Dirtiest, most hypocritical or deadliest? Read more about the candidates (voting has closed - winners will be announced on April 16)!
What are fossil fuel subsidies
What are fossil fuel subsidies?
Fossil fuel subsidies are forms of public resources or financial support used to extract and burn fossil fuels. Although European countries have all agreed to scale up their efforts to tackle climate change, governments and other public institutions are still providing billions of taxpayers money to the fossil fuel industry, with the result that we all end up taking one step forward and two steps back on climate action.
What constitutes a subsidy?
CAN Europe, similar to the World Trade Organization, considers any form of government action or public intervention which lowers the cost of fossil fuel energy production or consumption a subsidy. Governments and public institutions across Europe are taking all sorts of action in favour of fossil fuels. This means fossil fuel industries don’t pay a fair price. It includes for example direct funding (e.g. for coal mines’ operations) and tax exemptions (e.g. on diesel fuel), preferential loans and guarantees from public banks, and favourable access to resources, infrastructure and land.
In a recent report, CAN Europe and partners found that 11 European countries and the EU are handing out more than €112 billion in subsidies each year.
In addition, environmental degradation, air pollution and health costs stemming from extracting and burning fossil fuels are paid not by the industry, but by society. CAN Europe agrees with the International Monetary Fund (IMF) that these ‘external costs’ are also considered as fossil fuel subsidies.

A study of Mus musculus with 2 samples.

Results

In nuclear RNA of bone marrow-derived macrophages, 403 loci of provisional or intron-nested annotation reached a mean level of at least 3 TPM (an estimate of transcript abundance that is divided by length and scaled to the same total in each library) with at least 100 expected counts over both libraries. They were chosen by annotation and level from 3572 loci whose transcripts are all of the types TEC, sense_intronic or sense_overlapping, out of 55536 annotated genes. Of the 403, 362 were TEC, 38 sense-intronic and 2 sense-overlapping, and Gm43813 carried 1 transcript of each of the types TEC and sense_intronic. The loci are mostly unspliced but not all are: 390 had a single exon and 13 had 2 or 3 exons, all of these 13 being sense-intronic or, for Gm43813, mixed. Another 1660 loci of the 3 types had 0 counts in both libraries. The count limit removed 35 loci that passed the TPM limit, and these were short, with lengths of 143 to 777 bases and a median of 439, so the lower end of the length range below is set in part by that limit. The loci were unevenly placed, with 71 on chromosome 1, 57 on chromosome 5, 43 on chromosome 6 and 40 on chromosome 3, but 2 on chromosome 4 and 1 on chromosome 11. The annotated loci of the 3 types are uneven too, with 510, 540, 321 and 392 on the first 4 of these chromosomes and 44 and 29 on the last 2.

You can find out more by following the links to reports, briefings and our website pages below:
Learn more about fossil fuel subsidies
Report - Phase-out 2020: Monitoring Europe’s fossil fuel subsidies (September 2017)
Report: EU Research Policies for Peace, People and Planet (July 2017)
Briefing: Connecting the dots - The EU's funding for fossil fuels (August 2016)
OECD (2015) Companion to the Inventory of Support Measures for Fossil Fuels 2015 and accompanying country-specific database
Oil Change International and Overseas Development Institute (2015) - Empty promises: G20 subsidies to oil, gas and coal production
The concept of the European Fossil Fuel Subsidies Awards is simple. All forms of fossil fuel subsidies (in Europe) are inefficient, harmful to our health and the environment, pollute our air, and block the transition to clean energy systems. The worst offenders deserve some well-earned public recognition, which should help to phase out all fossil fuel subsidies.
Most governments don’t like to talk about the fact that they are giving money to fossil fuels, and in some cases they do what they can to hide them. Governments may be talking up their action on climate change, but they’re still pouring billions into dirty energy.
Eight candidates have been shortlisted to compete for the podium of Europe’s worst Fossil Fuel Subsidy. The shortlist going to the public vote aims to show the broad diversity of subsidies in a broad diversity of countries, while giving considerations to communication opportunities and the possible impacts of the abolishment of the subsidies on the people and the planet.
Since it is YOUR tax money being spent on destroying your climate, your environment and your health, you should be the one deciding who the winners will be.
We want your vote
It’s time to cast your vote! The public vote is open between 19 - 30 March.
The winners will be announced mid-April… look out for the news in nominated countries and share the prize winners across social media!
The European Fossil Fuel Subsidies Awards are organised by CAN Europe. Climate Action Network (CAN) Europe is Europe's largest coalition working on climate and energy issues. With over 140 member organisations in more than 30 European countries - representing over 44 million citizens - CAN Europe works to prevent dangerous climate change and promote sustainable climate and energy policy in Europe.